The cosmic confusion of the microwave background
Roughly 380,000 years after the Big Bang, about 13.7 billion years ago, matter (mostly hydrogen) cooled enough for neutral atoms to form, and light was able to traverse space freely. That light, the cosmic microwave background radiation (CMBR), comes to us from every direction in the sky, uniform except for faint ripples and bumps at brightness levels of only a few part in one hundred thousand, the seeds of future structures like galaxies.
Astronomers have conjectured that these ripples also contain traces of an initial burst of expansion—the so-called inflation—which swelled the new universe by thirty-three orders of magnitude in a mere ten-to-the-power-minus-thirty-three seconds. Clues about the inflation should be faintly present in the way the cosmic ripples are curled, an effect that is expected to be perhaps one hundred times fainter than the ripples themselves. CfA astronomers and their colleagues, working at the South Pole, have been working to find evidence for such curling, the "B-mode polarization."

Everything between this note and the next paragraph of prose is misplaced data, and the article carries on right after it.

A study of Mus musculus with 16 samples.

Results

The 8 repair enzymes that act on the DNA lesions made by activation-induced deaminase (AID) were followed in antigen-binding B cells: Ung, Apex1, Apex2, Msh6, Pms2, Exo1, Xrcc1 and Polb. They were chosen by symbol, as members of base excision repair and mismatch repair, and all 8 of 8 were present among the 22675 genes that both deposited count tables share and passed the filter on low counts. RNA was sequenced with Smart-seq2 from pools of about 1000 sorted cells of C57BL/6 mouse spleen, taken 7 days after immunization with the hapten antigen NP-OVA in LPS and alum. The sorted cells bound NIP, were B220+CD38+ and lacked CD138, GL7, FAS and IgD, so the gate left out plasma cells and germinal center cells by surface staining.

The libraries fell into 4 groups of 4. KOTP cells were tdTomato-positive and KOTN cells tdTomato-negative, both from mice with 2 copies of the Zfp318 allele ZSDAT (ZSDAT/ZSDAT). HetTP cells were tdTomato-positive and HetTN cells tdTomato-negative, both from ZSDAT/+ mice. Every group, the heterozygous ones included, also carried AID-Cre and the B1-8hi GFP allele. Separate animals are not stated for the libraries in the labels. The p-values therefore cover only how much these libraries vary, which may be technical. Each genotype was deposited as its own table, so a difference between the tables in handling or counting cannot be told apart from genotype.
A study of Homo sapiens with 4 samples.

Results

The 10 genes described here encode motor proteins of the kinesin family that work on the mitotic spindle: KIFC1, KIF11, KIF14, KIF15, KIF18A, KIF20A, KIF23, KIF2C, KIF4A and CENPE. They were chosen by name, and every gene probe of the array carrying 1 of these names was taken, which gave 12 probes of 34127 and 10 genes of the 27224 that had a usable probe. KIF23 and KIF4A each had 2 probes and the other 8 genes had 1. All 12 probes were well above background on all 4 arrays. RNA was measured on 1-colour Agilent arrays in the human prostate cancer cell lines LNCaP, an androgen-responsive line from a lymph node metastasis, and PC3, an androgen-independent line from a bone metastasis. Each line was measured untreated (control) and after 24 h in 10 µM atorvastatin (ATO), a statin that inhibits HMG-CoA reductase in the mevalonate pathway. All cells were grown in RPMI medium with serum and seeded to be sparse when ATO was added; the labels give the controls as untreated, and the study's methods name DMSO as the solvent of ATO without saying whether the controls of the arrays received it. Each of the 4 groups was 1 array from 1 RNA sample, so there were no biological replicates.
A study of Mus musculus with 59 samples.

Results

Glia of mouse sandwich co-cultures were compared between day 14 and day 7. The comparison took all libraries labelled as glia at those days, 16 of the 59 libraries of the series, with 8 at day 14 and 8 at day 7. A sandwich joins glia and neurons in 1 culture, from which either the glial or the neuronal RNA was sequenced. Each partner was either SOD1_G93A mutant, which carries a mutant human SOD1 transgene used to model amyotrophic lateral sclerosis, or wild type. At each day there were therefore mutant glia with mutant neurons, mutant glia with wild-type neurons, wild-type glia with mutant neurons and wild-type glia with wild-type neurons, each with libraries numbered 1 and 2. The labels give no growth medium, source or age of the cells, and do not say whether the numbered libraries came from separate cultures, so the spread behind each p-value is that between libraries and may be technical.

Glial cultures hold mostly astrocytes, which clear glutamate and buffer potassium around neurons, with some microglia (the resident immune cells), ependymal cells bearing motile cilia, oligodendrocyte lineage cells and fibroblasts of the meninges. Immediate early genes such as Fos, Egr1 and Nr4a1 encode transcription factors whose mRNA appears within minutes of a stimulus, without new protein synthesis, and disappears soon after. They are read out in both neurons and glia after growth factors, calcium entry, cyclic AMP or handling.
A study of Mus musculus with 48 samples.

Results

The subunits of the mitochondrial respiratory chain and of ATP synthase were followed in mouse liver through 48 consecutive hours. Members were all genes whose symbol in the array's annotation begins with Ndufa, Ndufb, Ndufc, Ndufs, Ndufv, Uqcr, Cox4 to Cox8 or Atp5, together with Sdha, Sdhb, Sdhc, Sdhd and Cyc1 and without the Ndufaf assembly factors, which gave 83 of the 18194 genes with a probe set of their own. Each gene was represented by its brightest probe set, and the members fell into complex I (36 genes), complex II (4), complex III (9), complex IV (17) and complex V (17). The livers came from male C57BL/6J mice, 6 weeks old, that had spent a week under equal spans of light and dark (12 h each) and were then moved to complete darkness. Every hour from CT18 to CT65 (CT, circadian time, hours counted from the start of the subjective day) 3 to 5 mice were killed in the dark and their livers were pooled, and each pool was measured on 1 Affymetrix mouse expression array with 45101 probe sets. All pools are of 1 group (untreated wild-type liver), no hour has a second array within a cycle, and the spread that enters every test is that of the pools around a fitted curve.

Traces of this tiny effect are not only difficult to measure, they may be obscured by unrelated phenomena that can confuse or even mask it. CfA astronomer Tony Stark is a member of the large South Pole Telescope (SPT) consortium, a collaboration that has been studying galaxies and galaxy clusters in the distant universe at microwave wavelengths. Individual cosmic sources are in general dominated either by active supermassive black hole nuclei and emit radiation from the charged particle jets ejected from the regions around them, or by star formation whose radiation comes from warm dust. The emission is also probably polarized and could complicate the positive identification of CMBR B-mode radiation signals. The SPT team used a new analysis method to study the combined polarization strength of all the millimeter emission sources they find in a 500 square degree field in the sky, about four thousand objects. They conclude—good news for CMBR researchers—that the extragalactic foreground effects should be smaller than any expected B-mode signals, at least over a wide range of spatial scales.